Our Mobile Migration Camps : How Does It All Happen?

By Asilia Africa News | 25 April 2018

By Akil Halai – Tanzania Field Ops Coordinator

The massive moment we are all anxious for that happens once or twice every year is when we begin moving our mobile camps. Asilia has three truly mobile camps in the Serengeti which move to two or three locations in a year. These are our Olakira Camp; Kimondo Camp; and Ubuntu Camp, all located in the Serengeti. These locations are very carefully and meticulously chosen before we actually place a camp. This article is written to give our guests and our readers a brief idea of what is involved in moving a mobile camp.

At Asilia, we have drawn inspiration from the pioneering safari days to recreate an experience that gets you right into the very heart of the incredible biodiversity that exists there in the Serengeti. One of the best wildlife experiences can be achieved when visiting our mobile camps in the Serengeti. These camps are located in the best preserved areas with magnanimous views with close proximity and access to high density game viewing.

The experience is enhanced by the rustic design of these simple but very luxurious and beautiful camps. Each location offers splendid African sunsets and best venues to enjoy a meal in the middle of nowhere. The basic secret ingredient of the specific locations where we reside our mobile camps is the “Great Wildebeest Migration”. In any period of the year, you will have access to witness and experience the migration when staying at one or more of our mobile camps. Set against the backdrop of the great wildebeest migration, our self-sufficient and environmentally-friendly camps travel to the best areas in the Serengeti depending on the time of year and the stage and whereabouts of the migration, giving you a front row set to one of Mother Nature’s greatest events.

Olakira Camp moves twice a year. It is located in the Kogatende area of the northern Serengeti where many times our guests have beheld the Mara River crossing from the luxury of their tents or our lounge. This camp stays in this prime location from June to November. The wildebeests cross the Mara River “technically” twice. Once when the cross to go to Maasai Mara to look for greener pastures and again when they are back in the Serengeti to move south. We then move Olakira to the Ndutu area to the short grass plains in the Ngorongoro conservation area where these wildebeests prepare to give birth and nurse their young before the head off to the western corridor of the Serengeti to start the whole process.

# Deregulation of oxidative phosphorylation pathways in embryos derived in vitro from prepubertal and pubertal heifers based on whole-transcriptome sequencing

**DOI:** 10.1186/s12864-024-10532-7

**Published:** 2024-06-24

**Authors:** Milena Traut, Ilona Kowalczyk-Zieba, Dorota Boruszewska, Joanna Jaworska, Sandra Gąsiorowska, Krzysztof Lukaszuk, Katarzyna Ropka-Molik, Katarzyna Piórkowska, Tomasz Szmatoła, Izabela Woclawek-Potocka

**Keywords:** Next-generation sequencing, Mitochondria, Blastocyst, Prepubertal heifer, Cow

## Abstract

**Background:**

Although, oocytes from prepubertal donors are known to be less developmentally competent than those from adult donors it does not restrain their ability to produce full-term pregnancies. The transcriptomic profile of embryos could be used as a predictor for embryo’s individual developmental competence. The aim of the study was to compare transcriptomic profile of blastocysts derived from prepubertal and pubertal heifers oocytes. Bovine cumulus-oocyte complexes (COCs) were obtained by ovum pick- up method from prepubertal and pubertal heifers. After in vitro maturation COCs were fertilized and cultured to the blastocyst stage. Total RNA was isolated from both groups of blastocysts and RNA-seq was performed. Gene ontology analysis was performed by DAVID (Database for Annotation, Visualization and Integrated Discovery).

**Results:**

Your bedroom at Olakira Camp.

In May, when the herd arrives at the Western corridor and the Grumeti area, we have our Ubuntu Camp positioned here. Ubuntu Camp stays until mid-August, after which it joins the other mobile camps in the North. The camp then stays in the North until November and then quickly moves to the Southern Serengeti Kusini area to catch the herd coming back to breed.

Your bedroom at Ubuntu Camp.

Kimondo Camp starts its marathon in the Lamai area north of the Mara. This is special because it is one of the few areas that the herds are witnessed crossing the river facing you. With the location of this camp and the amphitheatre’s edge, it is placed on, every guest that visits this camp surely falls in love with it. Kimondo stays here until November after which it joins Ubuntu Camp in the Kusini area. Once again, it is placed at an amphitheatre’s edge in one of the best game viewing areas in the South with wildebeests’ joining the orchestra every night while we dance under the stars.

Your bedroom at Kimondo Camp.

As much as this sounds like a beautiful story, the actual act of moving camps is not an easy feat. It requires a lot of planning & preparation. Our camps have running showers which are an added bonus from bucket showers, mobile but comfortable furniture, solar power, pipes and plumbing as well as the basic luxuries such as internet connections, computers, fridges, ovens, ice machines, generators, water pumps etc.

All these assets, including tents, tractors, jeeps, stock, cutlery, crockery, linen, and soft furnishings have to be properly packed and loaded on trucks. We usually load seven to eight trucks before we move. Now, the adventure begins. Most moves come with nightmares such as bad weather and roads. We have to cover long distances with the convoy of trucks which have to overnight somewhere in the wilderness. We have to make sure we have food, water, firewood and sleeping gear handy to be able to accommodate the staff. It is sometimes at a spot with great tree covers and excellent views, and other times on the side of the road where your trucks break down or get stuck due to rain assisted by the black cotton soil!

Once we get to the site, the first thing we do is make a firebreak in case there are bushfires. We than pitch staff tents and the staff kitchen. Once we collect water, we are ready to pitch all the other tents, clean, varnish and place furniture, get the pipes, electric cables and plumbing in place. Before we receive our first guests we do fire & medical emergency drills and do a comprehensive walk around to make sure all our risks are mitigated. This usually takes five to six days. Having said that, we move a camp in an astonishing period of eight days. This is a great achievement and we do acknowledge that our staff are great magicians. We sometimes also have to work in rain and harsh weather conditions so that we do not fall out of time.

In a weeks’ time, we are ready to welcome our guests. Our millions of guests who own the plains (the wildebeest) as well as those who come to visit them!